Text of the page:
AN 763: Intel® Arria® 10 SoC Device Design Guidelines

ID 683192
Date 5/17/2022
Document Table of Contents Example 4: FPGA Writing Cache Coherent Data to HPS

In this example, the HPS MPU requires access to data that originates in the FPGA. The most efficient mechanism for sharing small blocks of data with the MPU is to have logic in the FPGA perform cacheable writes to the HPS. It is important that the amount of data to be written to the HPS be in the form of relatively small blocks because large block writes cause the L2 cache to thrash, causing the cache to write to SDRAM for the majority of the transfer. For large buffer transfers, it is more appropriate to have the FPGA write data to the FPGA-to-SDRAM ports directly as shown in Example 2.

GUIDELINE: Perform full accesses targeting FPGA-to-HPS bridge.

For the transaction to be cacheable, the FPGA master must write to the FPGA-to-HPS bridge and at a minimum set the bufferable, cacheable and write-allocate bits of the AWCACHE signal. If you use Avalon-MM masters to access cacheable data, you must provide logic to force the AWCACHE signal to the appropriate values. An example of forcing Avalon-MM transactions to be cacheable can be found in the FPGA-to-HPS Bridge design example.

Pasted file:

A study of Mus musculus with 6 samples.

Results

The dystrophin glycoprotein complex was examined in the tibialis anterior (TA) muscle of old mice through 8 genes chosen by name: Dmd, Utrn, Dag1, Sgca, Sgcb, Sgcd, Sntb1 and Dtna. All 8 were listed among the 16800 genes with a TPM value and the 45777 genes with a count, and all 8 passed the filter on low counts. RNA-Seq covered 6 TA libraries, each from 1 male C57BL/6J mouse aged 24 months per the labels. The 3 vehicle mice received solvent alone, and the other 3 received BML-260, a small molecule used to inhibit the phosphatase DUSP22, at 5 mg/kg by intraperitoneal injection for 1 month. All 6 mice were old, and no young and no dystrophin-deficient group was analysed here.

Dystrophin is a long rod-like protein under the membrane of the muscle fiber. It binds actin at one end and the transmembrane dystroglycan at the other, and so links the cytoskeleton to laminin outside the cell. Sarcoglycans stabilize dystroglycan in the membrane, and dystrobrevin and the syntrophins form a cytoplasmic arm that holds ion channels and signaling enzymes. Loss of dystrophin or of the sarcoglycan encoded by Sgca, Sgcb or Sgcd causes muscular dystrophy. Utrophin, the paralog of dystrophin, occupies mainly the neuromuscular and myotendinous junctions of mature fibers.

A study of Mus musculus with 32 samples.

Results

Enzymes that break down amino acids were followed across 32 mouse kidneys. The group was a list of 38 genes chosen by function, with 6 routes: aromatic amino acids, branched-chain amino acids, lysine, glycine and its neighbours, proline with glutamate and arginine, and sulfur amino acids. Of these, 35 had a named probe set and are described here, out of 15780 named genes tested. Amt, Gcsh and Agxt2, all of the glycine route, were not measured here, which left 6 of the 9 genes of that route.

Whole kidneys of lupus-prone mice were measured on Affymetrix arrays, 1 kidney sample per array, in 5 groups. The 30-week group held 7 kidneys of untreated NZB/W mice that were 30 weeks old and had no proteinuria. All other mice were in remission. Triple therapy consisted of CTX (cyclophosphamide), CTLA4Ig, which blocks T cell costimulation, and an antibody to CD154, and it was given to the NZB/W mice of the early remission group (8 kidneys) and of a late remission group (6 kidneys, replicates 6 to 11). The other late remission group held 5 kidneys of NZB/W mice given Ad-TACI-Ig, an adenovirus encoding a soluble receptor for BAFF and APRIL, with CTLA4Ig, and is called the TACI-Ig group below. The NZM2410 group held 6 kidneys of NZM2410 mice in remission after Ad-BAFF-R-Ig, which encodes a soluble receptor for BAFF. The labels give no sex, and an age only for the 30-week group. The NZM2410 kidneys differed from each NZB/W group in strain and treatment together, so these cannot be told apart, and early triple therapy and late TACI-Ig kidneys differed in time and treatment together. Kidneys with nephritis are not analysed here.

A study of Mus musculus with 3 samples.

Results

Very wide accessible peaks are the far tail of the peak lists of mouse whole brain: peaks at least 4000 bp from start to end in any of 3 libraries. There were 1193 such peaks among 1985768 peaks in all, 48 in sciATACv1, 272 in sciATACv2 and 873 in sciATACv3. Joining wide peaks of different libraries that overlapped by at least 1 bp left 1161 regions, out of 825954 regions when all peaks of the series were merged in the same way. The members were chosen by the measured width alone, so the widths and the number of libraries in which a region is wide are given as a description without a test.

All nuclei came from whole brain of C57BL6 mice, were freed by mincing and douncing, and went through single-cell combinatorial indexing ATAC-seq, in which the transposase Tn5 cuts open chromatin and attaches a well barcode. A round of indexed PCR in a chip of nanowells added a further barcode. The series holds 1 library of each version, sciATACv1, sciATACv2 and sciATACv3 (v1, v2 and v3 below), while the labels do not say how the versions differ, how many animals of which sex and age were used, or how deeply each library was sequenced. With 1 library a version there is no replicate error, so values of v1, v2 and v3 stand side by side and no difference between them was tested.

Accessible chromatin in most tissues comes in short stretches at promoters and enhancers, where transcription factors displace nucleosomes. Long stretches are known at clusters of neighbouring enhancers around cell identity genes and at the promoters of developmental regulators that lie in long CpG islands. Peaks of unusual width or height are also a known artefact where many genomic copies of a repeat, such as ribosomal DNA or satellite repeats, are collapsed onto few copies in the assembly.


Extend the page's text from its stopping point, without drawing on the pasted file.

Figure 6. FPGA Writing Cache Coherent DataFor abbreviations, refer to the figure in Overview of HPS Memory-Mapped Interfaces.

GUIDELINE: Perform cacheable accesses aligned to 32 bytes targeting the FPGA-to-HPS bridge.

The ACP slave of the HPS is optimized for transactions that are the same size as the cache line (32 bytes). As a result you should attempt to align the data to 32-byte boundaries and ensure after data width adaptation the burst length into the 64-bit ACP slave is four beats long. For example, if the FPGA-to-HPS bridge is set up for 128-bit transactions you should align the data to be 32 byte aligned and perform full 128-bit accesses with a burst length of 2.

GUIDELINE: When L2 ECC is enabled, ensure that cacheable accesses to the FPGA-to-HPS bridge are aligned to 8-byte boundaries.

If you enable error checking and correction (ECC) in the L2 cache, you must also ensure each 8-byte group of data is completely written. The L2 cache performs ECC operations on 64-bit boundaries so when performing cacheable accesses you must always align the access to 8-byte boundaries and write to all eight lanes at once. Failing to follow these rules results in double bit errors, which cannot be recovered.

Regardless whether ECC is enabled or disabled, 32-byte cache transactions result in the best performance. Refer to "GUIDELINE: Access 32 bytes per cacheable transaction." in Example 3 for more information about 32-byte cache transactions.

GUIDELINE: When L2 ECC is enabled, ensure that cacheable accesses to the FPGA-to-HPS bridge have groups of eight write strobes enabled.

  • For 32-bit FPGA-to-HPS accesses, burst length must be 2, 4, 8, or 16 with all write byte strobes enabled.
  • For 64-bit FPGA-to-HPS accesses, all write byte strobes must be enabled.
  • For 128-bit FPGA-to-HPS accesses, the upper eight or lower eight (or both) write byte strobes must be enabled.